Trouble was brewing in Minneapolis at the start of the NBA season.
Jimmy Butler infamously defeated the Timberwolves’ starting unit with a group of backups and publicly expressed his frustration in an interview with Rachel Nichols. This came after Butler had already made comments about his teammates’ work ethic dating back to last season.
Jimmy Butler said on the JJ Redick podcast that he only shot the ball once during the infamous practice scrimmage in Minnesota.— Rich Hofmann (@rich_hofmann) December 11, 2018
“Oh, I was dominating, but I only shot the ball once. Dimes, boom boom boom, steals, blocks.” https://t.co/JwDqQ1UBF9
It was clear the star’s days in Minnesota were numbered. Finally, the Timberwolves traded him to the 76ers on November 12.
One would assume that losing a talent like Butler would only prove to hurt an already-struggling Timberwolves team, but for a while the opposite was true. The Wolves won seven of nine games immediately following Butler’s departure, and many folks were quick to say that they were better off without Butler.
Recently, however, they’ve cooled off. They didn’t win once on a four-game road trip with their most recent coming against the Suns (6-24) on Saturday. Now that Minnesota has leveled out a bit, there is the need to reevaluate the claims of a better Timberwolves squad.
Getting rid of Jimmy Butler inevitably improved the cohesion of the team. When there is a guy that’s causing trouble in the locker room and is openly bashing his teammates, it’s going to cause trust issues that show up on the court. Now that Butler’s gone, the Timberwolves have made strides in their team defense.
Addition by Subtraction
The addition of NBA All-Defensive First Teamer Robert Covington and perhaps some extra motivation have helped the Timberwolves go from being ranked dead last in team defensive efficiency to 18th in the league. This is an impressive ascent considering the fact that poor defensive play early on is weighing down their season-long efficiency ranking.
Surprisingly, the loss of the All-Star shooting guard hasn’t made much of an impact on the team’s scoring. They rank 16 in offensive efficiency, the same as when Butler left for Philly. Likewise, their points per game have only gone down from 110.5 to 110.1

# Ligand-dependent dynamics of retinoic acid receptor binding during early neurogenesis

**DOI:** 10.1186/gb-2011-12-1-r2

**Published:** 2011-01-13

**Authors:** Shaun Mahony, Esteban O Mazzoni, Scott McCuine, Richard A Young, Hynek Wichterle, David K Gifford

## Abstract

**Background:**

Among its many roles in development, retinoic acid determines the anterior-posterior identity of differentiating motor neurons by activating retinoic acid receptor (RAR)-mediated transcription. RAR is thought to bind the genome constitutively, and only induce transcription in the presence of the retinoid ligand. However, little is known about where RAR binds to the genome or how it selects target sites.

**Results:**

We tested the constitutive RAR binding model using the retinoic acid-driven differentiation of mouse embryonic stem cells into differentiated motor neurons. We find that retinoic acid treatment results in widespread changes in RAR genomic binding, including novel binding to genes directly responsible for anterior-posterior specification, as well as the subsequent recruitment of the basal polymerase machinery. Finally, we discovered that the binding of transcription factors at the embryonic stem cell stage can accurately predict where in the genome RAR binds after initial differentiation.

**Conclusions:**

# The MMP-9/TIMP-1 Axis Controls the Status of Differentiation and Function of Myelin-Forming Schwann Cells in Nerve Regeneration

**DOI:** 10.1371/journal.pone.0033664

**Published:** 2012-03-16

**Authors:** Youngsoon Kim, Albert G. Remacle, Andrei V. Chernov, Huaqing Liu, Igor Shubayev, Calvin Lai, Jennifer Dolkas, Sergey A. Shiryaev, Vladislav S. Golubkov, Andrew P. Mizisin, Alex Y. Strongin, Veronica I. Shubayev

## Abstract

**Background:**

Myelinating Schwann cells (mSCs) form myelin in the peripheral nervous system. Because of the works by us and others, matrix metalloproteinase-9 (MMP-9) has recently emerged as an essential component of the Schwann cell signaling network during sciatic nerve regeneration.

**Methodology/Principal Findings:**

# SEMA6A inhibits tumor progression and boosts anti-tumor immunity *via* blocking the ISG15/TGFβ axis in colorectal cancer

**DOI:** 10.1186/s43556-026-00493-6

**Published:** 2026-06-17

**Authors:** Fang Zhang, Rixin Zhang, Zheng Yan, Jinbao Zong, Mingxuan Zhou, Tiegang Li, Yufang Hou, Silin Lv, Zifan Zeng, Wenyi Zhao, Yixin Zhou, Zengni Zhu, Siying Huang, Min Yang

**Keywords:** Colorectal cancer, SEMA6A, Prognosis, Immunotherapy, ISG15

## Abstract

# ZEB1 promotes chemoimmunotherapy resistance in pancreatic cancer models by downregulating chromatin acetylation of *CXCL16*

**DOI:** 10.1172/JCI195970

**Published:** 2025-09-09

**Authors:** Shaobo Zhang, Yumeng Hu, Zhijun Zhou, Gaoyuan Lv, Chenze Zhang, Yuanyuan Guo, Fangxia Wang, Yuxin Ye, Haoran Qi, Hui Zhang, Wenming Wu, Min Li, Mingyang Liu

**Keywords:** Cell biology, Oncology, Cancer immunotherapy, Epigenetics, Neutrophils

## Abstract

Relying on Familiar Faces
Head Coach Tom Thibodeau has relied on Derrick Rose and Karl-Anthony Townes to provide scoring, and that’s just what they’ve done. Rose has somewhat reinvented his game with a significantly improved 3 point shot this season, yet he’s still finishing around the rim with the same touch that dazzled everyone in his MVP season, albeit with less explosiveness. He’s the Timberwolves’ second-leading scorer.
As for Townes, his shots taken and points per game have risen since the trade, as have his assists and rebounds. His role has reverted back to what it was pre-Jimmy Butler, and it has led to more success for the Timberwolves.
To this point, it seems that Minnesota has benefited from the Jimmy Butler trade despite their recent four-game skid. While Butler is an All-NBA talent and has shined since joining the Sixers, he clearly was the source of a great deal of turmoil in the locker room. Had everything been gravy between Butler and the rest of the team, he likely could have been better for the T-Wolves. But that simply wasn’t the case, and Minnesota looks better for shipping him to Philadelphia.